Since Jennifer posted on the bachelor tax in this column last week, I thought it would be fun to take a look at getting married in colonial America. Many of our modern wedding traditions developed during the Victorian era and differ considerably from what was customary in the 18th century. So let’s jump in and take a look at what a colonial bride’s wedding looked like. And be sure to also check out my American Patriot Series blog for a lengthy, but highly entertaining article by Anne Morse Earle on marriage customs in New England.
We often think that young women married at an early age in colonial America, but that wasn’t true. On average women married in their late teens or early twenties. Among the lower classes in Virginia, the average age of brides was 23, with grooms averaging 26. Any free white person over the age of 21 could marry, provided they obtained a license or had banns published by their church. Those under the age of 21 could not marry without the consent of a parent or legal guardian, and anyone serving an indenture or apprenticeship had to get permission from their master or mistress. It was illegal for a white person to marry a black person, whether they were enslaved or free, and Virginia did not recognize marriages between slaves.
There were two ways to marry legally, either by obtaining a marriage license, which stated that both parties were legally old enough to marry or had their parents’ or guardians’ consent, that there were no objections to the marriage, and that both parties were legally able to wed. A marriage license cost more than having banns published, but it allowed couples to wed more quickly. If a couple had banns published, the notice of their intention to marry had to be published either verbally or in writing for three consecutive meetings of their church. If they lived in different parishes, then the banns had to be published in both parishes. This allowed any member of the community who opposed the marriage to make their objections known. If no objections arose, a document was issued that certified that the couple could marry. This was the cheaper option, but the couple had to wait longer to be married.
Now for the most important part—the wedding gown! It may surprise you to learn that in colonial times women wore a variety of different colors on their wedding day. White did not become the color of choice for brides until the Victorian era. Instead, colonial brides wore their very best gown or purchased the finest they could afford for the wedding. Since fine textiles were costly, brides didn’t wear their gown only once. After the wedding, they typically wore it for other important events as well.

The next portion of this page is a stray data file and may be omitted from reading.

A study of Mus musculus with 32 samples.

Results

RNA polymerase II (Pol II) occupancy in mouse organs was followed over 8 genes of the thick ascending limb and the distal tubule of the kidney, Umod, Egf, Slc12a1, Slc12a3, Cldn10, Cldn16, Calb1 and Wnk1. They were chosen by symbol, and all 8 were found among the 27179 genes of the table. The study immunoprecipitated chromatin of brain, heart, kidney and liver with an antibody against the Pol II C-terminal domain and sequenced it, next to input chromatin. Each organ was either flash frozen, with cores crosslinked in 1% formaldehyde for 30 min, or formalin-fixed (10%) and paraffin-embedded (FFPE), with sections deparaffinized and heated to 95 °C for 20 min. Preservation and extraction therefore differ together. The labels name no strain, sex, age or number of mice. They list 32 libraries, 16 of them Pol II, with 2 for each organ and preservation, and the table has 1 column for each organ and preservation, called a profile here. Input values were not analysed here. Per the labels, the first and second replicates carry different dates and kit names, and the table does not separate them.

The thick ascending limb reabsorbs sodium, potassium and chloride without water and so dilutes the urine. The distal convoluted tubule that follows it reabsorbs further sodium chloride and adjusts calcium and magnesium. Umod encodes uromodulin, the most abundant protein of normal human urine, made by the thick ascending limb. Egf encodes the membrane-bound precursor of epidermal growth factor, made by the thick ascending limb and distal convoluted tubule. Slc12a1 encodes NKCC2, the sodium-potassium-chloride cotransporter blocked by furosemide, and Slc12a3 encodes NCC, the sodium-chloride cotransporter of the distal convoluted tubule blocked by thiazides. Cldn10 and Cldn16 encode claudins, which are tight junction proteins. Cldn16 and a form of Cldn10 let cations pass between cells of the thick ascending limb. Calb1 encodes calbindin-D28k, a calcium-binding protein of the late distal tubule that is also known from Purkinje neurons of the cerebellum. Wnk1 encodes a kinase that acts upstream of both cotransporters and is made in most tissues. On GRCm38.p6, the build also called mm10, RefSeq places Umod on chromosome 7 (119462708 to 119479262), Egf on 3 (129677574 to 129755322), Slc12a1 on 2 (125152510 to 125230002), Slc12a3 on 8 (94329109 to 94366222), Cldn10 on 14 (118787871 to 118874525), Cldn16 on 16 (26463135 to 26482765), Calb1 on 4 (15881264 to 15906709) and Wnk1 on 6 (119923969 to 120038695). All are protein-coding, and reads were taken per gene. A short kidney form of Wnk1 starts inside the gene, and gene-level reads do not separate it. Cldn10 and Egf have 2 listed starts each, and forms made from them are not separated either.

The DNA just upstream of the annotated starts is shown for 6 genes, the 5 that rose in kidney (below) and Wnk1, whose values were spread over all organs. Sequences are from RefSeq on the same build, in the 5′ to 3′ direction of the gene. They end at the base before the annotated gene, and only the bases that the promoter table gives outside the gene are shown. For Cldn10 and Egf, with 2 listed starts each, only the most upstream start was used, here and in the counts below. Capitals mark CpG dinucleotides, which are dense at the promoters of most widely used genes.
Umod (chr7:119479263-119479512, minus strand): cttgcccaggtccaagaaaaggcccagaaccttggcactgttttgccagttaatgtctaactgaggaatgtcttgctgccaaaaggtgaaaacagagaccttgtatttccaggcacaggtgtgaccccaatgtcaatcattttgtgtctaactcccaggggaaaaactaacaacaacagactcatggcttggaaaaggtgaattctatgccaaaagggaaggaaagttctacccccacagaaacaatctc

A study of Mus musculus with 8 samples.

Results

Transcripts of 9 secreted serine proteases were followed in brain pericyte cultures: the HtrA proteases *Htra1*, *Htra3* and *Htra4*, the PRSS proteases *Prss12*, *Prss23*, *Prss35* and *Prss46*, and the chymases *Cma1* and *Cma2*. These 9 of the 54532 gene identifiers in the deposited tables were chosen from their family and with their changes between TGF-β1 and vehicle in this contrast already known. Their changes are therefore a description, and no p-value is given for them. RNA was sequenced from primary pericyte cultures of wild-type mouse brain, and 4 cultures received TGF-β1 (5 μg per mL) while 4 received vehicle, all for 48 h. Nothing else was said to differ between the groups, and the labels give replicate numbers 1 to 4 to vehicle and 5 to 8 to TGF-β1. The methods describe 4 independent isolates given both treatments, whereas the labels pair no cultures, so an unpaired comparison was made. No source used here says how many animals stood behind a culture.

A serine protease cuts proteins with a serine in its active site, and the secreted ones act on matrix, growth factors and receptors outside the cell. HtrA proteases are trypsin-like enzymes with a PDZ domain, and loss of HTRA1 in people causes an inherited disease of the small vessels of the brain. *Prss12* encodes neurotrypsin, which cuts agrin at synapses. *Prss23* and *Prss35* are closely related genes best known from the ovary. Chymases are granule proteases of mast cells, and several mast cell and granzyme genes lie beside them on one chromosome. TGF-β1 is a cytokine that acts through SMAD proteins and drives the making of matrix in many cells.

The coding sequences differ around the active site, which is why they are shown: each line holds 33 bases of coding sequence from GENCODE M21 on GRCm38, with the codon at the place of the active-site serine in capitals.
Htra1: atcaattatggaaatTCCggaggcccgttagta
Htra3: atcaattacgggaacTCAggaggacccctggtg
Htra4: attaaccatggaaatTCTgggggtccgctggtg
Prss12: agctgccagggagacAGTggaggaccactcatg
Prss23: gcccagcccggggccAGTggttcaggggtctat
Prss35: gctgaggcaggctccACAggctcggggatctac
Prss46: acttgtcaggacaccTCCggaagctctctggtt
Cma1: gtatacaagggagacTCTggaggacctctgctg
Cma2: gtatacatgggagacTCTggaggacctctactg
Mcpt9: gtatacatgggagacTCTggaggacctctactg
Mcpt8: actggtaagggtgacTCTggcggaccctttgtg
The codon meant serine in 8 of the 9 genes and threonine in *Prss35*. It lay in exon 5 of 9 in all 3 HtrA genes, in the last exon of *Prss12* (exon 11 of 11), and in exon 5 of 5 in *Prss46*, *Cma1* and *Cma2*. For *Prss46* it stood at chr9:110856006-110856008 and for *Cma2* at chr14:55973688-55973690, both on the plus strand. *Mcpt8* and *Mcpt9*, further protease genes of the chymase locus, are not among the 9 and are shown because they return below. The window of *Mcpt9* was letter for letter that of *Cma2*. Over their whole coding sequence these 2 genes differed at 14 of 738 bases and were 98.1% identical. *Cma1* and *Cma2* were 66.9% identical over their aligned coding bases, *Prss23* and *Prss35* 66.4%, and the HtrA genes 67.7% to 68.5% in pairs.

Diadema Morgan (1764-1788) wore the blue wool gown shown here at her wedding to Phineas Field of Northfield in 1785. The petticoat and kerchief are modern additions.
This lovely brown brocade wedding dress (back shown here) belongs to the Brooklyn Museum Costume Collection at The Metropolitan Museum of Art. Gift of the Brooklyn Museum, 2009; Gift of Edith Viele, 1949
The most popular months for colonial weddings were late December, January, and early February, although couples married throughout the year, with the exception of Lent and the week before Christmas. By the 1770s, rituals traditionally performed in churches, including marriages, were often performed in homes. Church marriages always took place before noon. In Virginia, regardless of where the wedding was performed, the ceremony had to be conducted by a minister of the Church of England for it to be recognized.
Colonial wedding feasts were elaborate affairs that often lasted two or more days, depending on the family’s wealth and the customs of the community. The families would serve the most expensive foods in the largest quantity and the best manner they could afford. Typical foods served included fish or clam chowder, stewed oysters, roasted pig, venison, duck, potatoes, baked rye bread, Indian cornbread, and pumpkin casserole. There would be trays of nutmeats and candy. Coffee and tankards of spiced hard cider or punch made with hard cider combined with sugar, lemons, and limes were popular beverages. Unlike our modern tiered wedding cakes, the bride’s cake was a thick, rich, spiced cake made with alcohol, dried fruit, and nuts similar to what we know as a fruitcake. It often had a piece of nutmeg baked inside, and the person who received the slice with the nutmeg was supposed to be the next to marry.
Alternative Marriage Traditions
Since the Middle Ages, common law marriages were accepted in England, and immigrants brought the custom to the colonies with them. Couples who didn’t have their parents’ permission or who couldn’t marry for other reasons might choose to speak marriage vows alone or before witnesses. They joined hands and declared that they took each other to be husband and wife, and then lived together. This was called “handfasting” or “spousal.” It was not unusual for blacksmiths to officiate at a handfasting, and the anvil came to symbolize the forging of long-lasting unions.
There was a version of this kind of contract called the spousal de futuro, a marriage contract to be consummated at a later date, similar to the modern engagement. It wasn't rare for the couple to jump the gun and the girl to consequently become pregnant. In that case, they were considered to be man and wife. For the colonists, pregnancy sealed the marriage.
Here are some helpful links if you want more information.
Marriage Customs in New England - American Patriot Blog
Note: Come by Colonial Quills on Saturday for a Bride's Cake recipe. You might be surprised at the ingredients that went into this version of a colonial wedding cake!